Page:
The meme asked for 7 lines, 7 lines down, from the 7th page of a work in progress. Well, I have two works in progress, both at the editing and formatting stage, so I’ve extracted seven lines from the right place in each. Well, around seven, because in both cases I had to make minor adjustments to make sure they made some kind of sense – which I assume was the idea!
The first is from Tales from Tara, the second volume of my fae saga.
It was the end of Yarrow’s first month in Tara. He was now firm friends with Stripe and Quicksilver, but still hadn’t found a temporary boyfriend, so his temper was less than perfect. Devil was beginning to chafe at the amount of time spent underground, and the unicorn’s mood was rubbing off on his already edgy rider. So Yarrow could have done without the city trip but guards do not get to choose their duties. They started with a riverside ride, almost a parade. The titania hoped her folk would know she was there and come out to see her. Many did, and their jostling and crowding by the barriers that prevented cars from driving into the Liffey also prevented home-going drinkers from seeing the Royal Ride. Yarrow gazed at the grand buildings lining the street, hoping to remember enough to tell everyone at home on The Edge all about his experience. The words of the song ‘In Dublin’s Fair City’ sprang to mind and he agreed that for a human-built place it was fair. He had no idea whether the girls were pretty and didn’t much care. Unlike Harlequin, he was mostly interested in fae, and mostly in male fae, at that.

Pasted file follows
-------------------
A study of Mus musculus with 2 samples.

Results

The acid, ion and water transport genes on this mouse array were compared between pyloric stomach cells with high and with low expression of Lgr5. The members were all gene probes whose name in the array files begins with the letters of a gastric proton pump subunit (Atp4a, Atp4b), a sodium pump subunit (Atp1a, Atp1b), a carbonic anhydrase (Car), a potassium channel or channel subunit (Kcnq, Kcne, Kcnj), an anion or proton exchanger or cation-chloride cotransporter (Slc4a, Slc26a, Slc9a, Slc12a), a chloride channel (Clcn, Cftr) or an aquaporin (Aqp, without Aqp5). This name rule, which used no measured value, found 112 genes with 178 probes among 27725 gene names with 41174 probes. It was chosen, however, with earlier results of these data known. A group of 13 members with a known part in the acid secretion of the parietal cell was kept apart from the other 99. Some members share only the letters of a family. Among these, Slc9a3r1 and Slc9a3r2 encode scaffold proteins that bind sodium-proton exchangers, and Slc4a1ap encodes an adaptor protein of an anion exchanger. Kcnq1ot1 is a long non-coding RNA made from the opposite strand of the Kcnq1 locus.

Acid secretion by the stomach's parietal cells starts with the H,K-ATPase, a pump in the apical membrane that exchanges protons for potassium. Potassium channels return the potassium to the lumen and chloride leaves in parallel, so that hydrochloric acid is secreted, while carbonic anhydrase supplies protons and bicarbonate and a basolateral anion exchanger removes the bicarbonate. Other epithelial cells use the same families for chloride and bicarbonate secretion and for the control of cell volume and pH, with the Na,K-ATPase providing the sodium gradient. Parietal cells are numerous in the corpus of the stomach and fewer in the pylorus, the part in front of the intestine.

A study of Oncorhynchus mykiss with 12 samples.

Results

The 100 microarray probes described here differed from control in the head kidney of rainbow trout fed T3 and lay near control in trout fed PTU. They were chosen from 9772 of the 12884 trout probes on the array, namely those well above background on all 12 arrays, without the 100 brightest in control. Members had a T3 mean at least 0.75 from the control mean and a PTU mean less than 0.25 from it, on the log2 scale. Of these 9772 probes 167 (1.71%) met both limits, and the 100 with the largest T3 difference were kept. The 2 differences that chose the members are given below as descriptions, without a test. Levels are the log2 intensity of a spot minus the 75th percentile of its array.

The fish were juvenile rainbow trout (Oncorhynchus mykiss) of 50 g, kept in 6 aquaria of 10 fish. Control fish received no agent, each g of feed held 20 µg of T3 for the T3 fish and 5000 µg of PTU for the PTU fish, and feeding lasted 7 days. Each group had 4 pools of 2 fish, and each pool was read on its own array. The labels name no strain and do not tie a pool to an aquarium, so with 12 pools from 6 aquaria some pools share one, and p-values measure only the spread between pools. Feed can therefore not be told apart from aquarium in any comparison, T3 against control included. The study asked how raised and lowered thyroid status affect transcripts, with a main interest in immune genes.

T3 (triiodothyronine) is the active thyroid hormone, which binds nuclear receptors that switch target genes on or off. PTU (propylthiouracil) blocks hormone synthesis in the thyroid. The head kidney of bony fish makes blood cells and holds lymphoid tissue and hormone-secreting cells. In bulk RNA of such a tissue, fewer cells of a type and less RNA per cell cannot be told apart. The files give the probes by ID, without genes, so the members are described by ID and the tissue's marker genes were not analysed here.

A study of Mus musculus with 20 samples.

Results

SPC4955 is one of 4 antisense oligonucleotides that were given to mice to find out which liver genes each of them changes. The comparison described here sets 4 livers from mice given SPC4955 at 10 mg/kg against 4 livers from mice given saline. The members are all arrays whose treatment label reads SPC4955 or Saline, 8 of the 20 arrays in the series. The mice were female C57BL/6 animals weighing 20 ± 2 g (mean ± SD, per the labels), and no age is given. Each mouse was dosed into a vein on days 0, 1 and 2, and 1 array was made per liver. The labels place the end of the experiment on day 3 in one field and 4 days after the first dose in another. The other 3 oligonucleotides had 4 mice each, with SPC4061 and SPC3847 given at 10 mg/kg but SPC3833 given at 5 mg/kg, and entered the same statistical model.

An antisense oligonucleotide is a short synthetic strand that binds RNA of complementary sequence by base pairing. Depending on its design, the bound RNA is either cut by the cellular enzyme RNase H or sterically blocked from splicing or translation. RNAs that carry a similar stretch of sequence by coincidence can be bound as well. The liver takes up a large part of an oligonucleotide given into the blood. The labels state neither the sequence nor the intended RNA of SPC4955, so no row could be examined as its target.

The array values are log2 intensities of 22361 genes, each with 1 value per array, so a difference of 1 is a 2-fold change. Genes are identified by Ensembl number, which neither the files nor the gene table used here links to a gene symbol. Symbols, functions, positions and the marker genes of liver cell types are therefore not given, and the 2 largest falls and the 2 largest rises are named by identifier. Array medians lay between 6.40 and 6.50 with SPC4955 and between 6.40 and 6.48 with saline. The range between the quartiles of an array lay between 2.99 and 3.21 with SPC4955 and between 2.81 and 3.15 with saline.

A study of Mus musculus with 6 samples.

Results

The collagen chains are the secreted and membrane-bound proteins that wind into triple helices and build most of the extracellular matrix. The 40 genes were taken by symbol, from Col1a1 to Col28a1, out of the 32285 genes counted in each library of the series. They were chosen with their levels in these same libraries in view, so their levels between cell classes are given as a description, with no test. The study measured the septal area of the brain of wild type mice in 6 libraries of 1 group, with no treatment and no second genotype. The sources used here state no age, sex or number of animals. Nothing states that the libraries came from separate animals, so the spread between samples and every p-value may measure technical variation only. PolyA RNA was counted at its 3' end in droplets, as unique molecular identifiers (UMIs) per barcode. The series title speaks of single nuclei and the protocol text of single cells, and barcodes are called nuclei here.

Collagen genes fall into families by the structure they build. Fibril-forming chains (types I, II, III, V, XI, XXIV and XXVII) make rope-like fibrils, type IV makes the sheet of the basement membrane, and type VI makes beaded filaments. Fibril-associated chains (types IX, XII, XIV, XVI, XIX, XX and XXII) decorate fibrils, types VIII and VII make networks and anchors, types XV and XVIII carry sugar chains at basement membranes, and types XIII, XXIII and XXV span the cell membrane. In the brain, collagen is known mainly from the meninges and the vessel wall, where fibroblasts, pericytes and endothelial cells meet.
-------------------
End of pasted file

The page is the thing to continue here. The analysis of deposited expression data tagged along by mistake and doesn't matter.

The second is from The Lantern, the fourth volume in The Skilled Investigators which centres round a female elf detective with her gay brother and her imprinted (and telepathic) dragon as sidekicks.
“I wouldn’t dream of it,” the farmer assured them, and then, changing the subject, continued. “Any more than I would dream of ignoring our other guest. We have a goat ready for Scratch. It’s still alive as we didn’t know whether he would prefer to kill his own prey.” He looked at Genef who realised she had no idea.
She sent a quick query to Scratch who replied that he didn’t really mind. He would kill the goat if it would help, but mainly, he wanted to eat it. And eat it dead, of course.
“Would it help if he killed it himself?” she asked. “He’s willing, but doesn’t mind either way.”
“It would,” said Verilla, the farmer’s wife, “and I’ll just bring it to the front of the house so that Scratch can enjoy his meal.” She left the table and went outside to get the goat, presumably from an outbuilding, for all the world as if she was merely bringing another dish to the table. Genef felt pleased that Scratch was being treated as truly one of the company.
Both works are currently in the throes formatting which, let me tell you, is much much harder than writing them in the first place.